Since I last wrote, Tory chaos continues. Braverman is gladly gone; Cameron bizarrely back. This week saw a hotchpotch of an Autumn Statement in which Jeremy Hunt fooled no-one. The Chancellor in fact lifted the lid on thirteen years of Conservative economic failure; we were told to expect an Autumn Statement for growth, yet growth has been revised down next year, the year after and the year after that too. Meanwhile, mortgages, prices, taxes, debt are all up. Everyone feels worse off, as I told Sky News.

What was laid bare in Hunt’s statement was the full scale of the damage that this government has done to our economy since 2010, and despite seem last ditch rabbits out of hats like National Insurance adjustments, nothing the Conservatives announcement will remotely compensate. Opening the debate in the House of Commons yesterday, I was clear that businesses have lost confidence in the Conservatives, and the public have lost patience with the Conservatives.

Let’s be honest, the Autumn Statement felt a bit like the season finale of this Conservative Government. While we might have been hoping for an uplifting twist in the tale, sadly what we were left with was a pitiful ending to an underwhelming story. It was a statement made of pure fantasy: the Government Benches cheering a tax cut, when in fact taxes are higher than they have ever been; a Chancellor claiming to have delivered for working people, when in reality living standards face an unprecedented fall; the Conservatives desperately trying to address business investment, when in fact their chaos was what caused business investment to collapse to begin with.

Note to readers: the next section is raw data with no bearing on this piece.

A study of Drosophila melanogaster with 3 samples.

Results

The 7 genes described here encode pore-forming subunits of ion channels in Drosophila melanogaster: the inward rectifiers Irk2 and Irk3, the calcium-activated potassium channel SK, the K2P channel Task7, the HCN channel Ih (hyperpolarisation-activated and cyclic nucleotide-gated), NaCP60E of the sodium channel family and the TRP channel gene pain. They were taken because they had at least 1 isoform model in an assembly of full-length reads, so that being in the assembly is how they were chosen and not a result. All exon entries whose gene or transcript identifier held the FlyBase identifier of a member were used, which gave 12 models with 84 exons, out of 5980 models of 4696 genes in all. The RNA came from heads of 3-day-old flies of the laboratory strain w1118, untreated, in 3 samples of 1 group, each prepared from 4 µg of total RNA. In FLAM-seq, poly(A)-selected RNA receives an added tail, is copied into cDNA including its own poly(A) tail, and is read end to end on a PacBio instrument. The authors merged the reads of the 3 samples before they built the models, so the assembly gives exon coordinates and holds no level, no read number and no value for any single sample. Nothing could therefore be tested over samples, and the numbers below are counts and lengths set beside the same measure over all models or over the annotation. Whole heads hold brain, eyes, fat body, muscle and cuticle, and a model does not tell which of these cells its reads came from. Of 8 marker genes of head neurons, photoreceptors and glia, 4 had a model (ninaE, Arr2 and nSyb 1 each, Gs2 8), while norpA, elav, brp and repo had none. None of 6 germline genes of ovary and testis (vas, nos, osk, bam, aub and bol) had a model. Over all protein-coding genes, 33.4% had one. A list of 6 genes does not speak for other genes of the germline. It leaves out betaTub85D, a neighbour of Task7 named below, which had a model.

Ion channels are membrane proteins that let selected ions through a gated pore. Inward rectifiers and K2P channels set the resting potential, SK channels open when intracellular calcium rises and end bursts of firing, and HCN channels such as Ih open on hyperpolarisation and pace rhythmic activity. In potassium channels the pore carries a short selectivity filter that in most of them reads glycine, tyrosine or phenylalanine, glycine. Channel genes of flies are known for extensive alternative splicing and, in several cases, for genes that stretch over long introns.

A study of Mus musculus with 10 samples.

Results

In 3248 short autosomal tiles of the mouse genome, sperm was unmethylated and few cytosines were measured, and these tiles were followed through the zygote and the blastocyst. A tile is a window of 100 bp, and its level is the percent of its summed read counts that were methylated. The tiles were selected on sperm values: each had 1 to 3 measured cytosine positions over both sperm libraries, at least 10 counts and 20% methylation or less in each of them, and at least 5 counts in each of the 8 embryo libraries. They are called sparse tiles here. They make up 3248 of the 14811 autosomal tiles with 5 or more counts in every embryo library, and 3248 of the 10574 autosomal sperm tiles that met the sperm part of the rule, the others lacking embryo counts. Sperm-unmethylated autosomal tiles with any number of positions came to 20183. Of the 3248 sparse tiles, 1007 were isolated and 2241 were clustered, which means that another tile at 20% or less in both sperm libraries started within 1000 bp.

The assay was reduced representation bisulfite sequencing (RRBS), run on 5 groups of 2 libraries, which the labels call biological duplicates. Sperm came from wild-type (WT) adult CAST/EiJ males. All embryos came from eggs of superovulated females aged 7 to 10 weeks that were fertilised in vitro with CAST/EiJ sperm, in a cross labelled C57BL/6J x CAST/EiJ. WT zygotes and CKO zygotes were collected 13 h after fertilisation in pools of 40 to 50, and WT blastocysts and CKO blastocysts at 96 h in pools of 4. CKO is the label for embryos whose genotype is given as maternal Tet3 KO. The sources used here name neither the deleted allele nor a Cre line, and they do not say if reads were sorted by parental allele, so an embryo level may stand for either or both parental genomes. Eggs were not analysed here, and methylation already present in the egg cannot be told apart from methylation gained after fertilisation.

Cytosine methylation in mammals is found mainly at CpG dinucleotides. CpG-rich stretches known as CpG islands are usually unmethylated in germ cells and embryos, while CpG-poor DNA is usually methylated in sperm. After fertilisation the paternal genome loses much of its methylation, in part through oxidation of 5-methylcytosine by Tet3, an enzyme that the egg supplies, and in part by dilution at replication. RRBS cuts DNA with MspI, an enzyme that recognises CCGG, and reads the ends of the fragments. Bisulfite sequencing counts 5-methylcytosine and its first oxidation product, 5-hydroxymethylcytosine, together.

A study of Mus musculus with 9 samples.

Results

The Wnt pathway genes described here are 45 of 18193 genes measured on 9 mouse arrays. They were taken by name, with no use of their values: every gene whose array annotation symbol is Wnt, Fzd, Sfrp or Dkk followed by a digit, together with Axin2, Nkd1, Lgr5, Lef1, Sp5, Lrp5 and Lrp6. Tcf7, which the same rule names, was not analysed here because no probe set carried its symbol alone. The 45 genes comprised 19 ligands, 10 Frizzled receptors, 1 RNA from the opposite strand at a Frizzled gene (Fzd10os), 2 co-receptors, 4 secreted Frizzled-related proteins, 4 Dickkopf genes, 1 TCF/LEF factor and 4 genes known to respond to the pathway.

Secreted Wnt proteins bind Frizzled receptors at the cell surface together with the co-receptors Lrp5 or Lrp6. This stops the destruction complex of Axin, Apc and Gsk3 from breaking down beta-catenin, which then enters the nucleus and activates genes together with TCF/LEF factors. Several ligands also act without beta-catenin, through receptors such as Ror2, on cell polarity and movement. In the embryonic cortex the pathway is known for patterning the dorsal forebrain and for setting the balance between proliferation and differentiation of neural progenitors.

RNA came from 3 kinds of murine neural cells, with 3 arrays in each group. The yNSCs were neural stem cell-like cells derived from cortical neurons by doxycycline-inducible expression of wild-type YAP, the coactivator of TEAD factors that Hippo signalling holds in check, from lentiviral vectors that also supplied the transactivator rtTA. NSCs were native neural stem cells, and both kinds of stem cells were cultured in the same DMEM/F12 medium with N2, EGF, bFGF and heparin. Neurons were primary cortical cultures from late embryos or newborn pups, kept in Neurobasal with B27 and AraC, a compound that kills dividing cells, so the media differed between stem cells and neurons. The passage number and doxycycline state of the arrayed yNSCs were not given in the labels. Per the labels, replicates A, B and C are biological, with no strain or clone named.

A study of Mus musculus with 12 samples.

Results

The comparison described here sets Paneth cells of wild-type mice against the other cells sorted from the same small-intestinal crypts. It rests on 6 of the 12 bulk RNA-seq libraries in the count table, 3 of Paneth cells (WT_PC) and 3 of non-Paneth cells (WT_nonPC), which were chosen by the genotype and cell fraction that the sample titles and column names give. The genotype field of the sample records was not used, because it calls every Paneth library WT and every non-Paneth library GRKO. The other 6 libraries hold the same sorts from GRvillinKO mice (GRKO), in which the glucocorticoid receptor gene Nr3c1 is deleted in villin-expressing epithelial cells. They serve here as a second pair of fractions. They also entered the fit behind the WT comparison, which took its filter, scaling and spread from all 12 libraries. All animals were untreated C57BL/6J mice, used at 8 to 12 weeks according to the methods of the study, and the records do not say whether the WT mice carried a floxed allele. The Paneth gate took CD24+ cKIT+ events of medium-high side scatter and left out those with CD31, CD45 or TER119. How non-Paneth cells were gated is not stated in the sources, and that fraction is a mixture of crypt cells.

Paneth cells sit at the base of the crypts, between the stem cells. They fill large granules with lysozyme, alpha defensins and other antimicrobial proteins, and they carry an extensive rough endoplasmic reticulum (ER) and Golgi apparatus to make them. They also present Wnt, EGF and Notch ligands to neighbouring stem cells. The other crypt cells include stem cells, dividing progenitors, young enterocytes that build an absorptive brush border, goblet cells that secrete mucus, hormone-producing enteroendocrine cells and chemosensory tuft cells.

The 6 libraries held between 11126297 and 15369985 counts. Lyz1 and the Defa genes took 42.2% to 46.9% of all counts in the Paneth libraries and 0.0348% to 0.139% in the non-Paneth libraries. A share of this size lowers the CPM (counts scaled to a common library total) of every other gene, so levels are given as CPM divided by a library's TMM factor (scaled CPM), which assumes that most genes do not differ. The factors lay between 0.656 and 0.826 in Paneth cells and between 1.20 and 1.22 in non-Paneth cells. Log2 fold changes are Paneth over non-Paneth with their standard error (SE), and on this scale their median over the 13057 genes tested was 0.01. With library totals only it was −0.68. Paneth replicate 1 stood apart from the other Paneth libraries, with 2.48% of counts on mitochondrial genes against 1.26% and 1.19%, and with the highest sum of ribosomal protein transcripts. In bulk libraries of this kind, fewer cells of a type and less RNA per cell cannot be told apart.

I understand that it is tempting for Conservatives to buy into the Chancellor’s fiction, but in the real world people can see the cost of the Conservatives in their bank balance, mortgage bill, high street and public services. When inflation went up after the invasion of Ukraine, the Government said, “It’s nothing to do with us; it’s all global pressures.” Now, when some of those pressures have reduced and the Bank of England has operated monetary policy in the way we would expect, the Prime Minister wants personal credit for inflation falling.

On inflation, the Government opposed the single most important thing they could do, which is to reduce our exposure to volatile fossil fuel prices so that we are never again so vulnerable and exposed. Labour has a plan for energy independence and security so that Britain is never again so badly exposed to those volatile fossil fuel prices. That is the lesson we need to learn.

Let us also not forget that, while we all welcome lower inflation, it is still high, particularly food inflation. When I do the big shop in my local supermarket in Stalybridge, I wince when I see the price of some food items. Families are working harder than ever before, only to have to put the little things that they treat themselves with back on the shelf, or to cut back on what they would once have considered essentials. This is no time for Conservative Ministers to go around asking for a pat on the back. The only way we can truly turn a corner on this litany of failure is with a Labour government.

You can watch a clip of my response in the House here or read my full speech here.